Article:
In a Christmas Eve message of peace, Pope John Paul II lit a candle outside his darkened window and celebrated a Mass that offered prayers for calm and prosperity in the Holy Land
On Christmas Day, he plans to read his holiday message and issue greetings in dozens of languages from the balcony at St. Peter's Basilica.
The busy Christmas holidays can be trying for the ailing 84-year-old pontiff, but he seemed animated Friday as celebrations opened. During midnight Mass at St. Peter's, he beamed as he blessed small children who carried gifts up to the altar.
In recent years, the pope has sometimes used his midnight Mass message to lament bloodshed and war. This time, he illustrated his brief homily with the image of baby Jesus wrapped in swaddling clothes in a manger.
Without mentioning any specific conflicts or current problems, the pope made a general appeal for Christ's help.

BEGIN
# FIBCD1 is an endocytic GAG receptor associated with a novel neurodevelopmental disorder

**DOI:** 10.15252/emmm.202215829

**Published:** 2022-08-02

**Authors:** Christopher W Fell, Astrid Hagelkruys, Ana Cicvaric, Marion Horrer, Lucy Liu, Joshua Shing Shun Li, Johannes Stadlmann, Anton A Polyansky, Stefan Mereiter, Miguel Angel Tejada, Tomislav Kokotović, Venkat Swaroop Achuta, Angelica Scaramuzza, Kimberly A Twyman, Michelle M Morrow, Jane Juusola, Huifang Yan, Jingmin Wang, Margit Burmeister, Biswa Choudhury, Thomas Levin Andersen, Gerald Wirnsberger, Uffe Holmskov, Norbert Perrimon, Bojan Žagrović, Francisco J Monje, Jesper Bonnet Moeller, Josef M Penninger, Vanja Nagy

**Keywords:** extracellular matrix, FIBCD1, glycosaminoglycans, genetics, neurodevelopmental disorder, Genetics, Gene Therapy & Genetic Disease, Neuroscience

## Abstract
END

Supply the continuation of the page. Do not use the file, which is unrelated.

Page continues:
"All humanity, with its burdens of trials and troubles, stands in need of you," he said, speaking clearly from his white wheeled throne.
The service in the poinsettia-filled basilica also included prayers that world leaders dedicate themselves to peace and that Christians, Muslims and Jews achieve a peaceful coexistence in the Holy Land.
"May (the Holy Land) experience times of prosperity and peaceful coexistence, through the mutual respect of its inhabitants," said one of the Mass intentions, read in German. "May it be a safe place and hospitable to pilgrims and truth-seekers."
Earlier in the evening, the pope lit a candle for peace in his window overlooking St. Peter's Square. The pope, barely visible in the light of the solitary flickering flame, made the sign of the cross to bless the crowd below.
All day, pilgrims filled the square, admiring the 105-foot Christmas tree brought down from the Italian Alps. Alongside the 100-year-old fir stood a life-size Nativity scene that was unveiled Friday.
Many people waited in line for hours and had to pass through metal detectors to get into St. Peter's Basilica for midnight Mass. Police cars ringed the heavily protected piazza, and officers patrolled the square in a new fleet of 8-foot-long Lamborghini cars resembling golf carts.
The pope has kept to his regular holiday appointments this year despite his ailments. He plans to lead a New Year's Eve prayer service and a Mass for the Church's World Day of Peace on Jan. 1.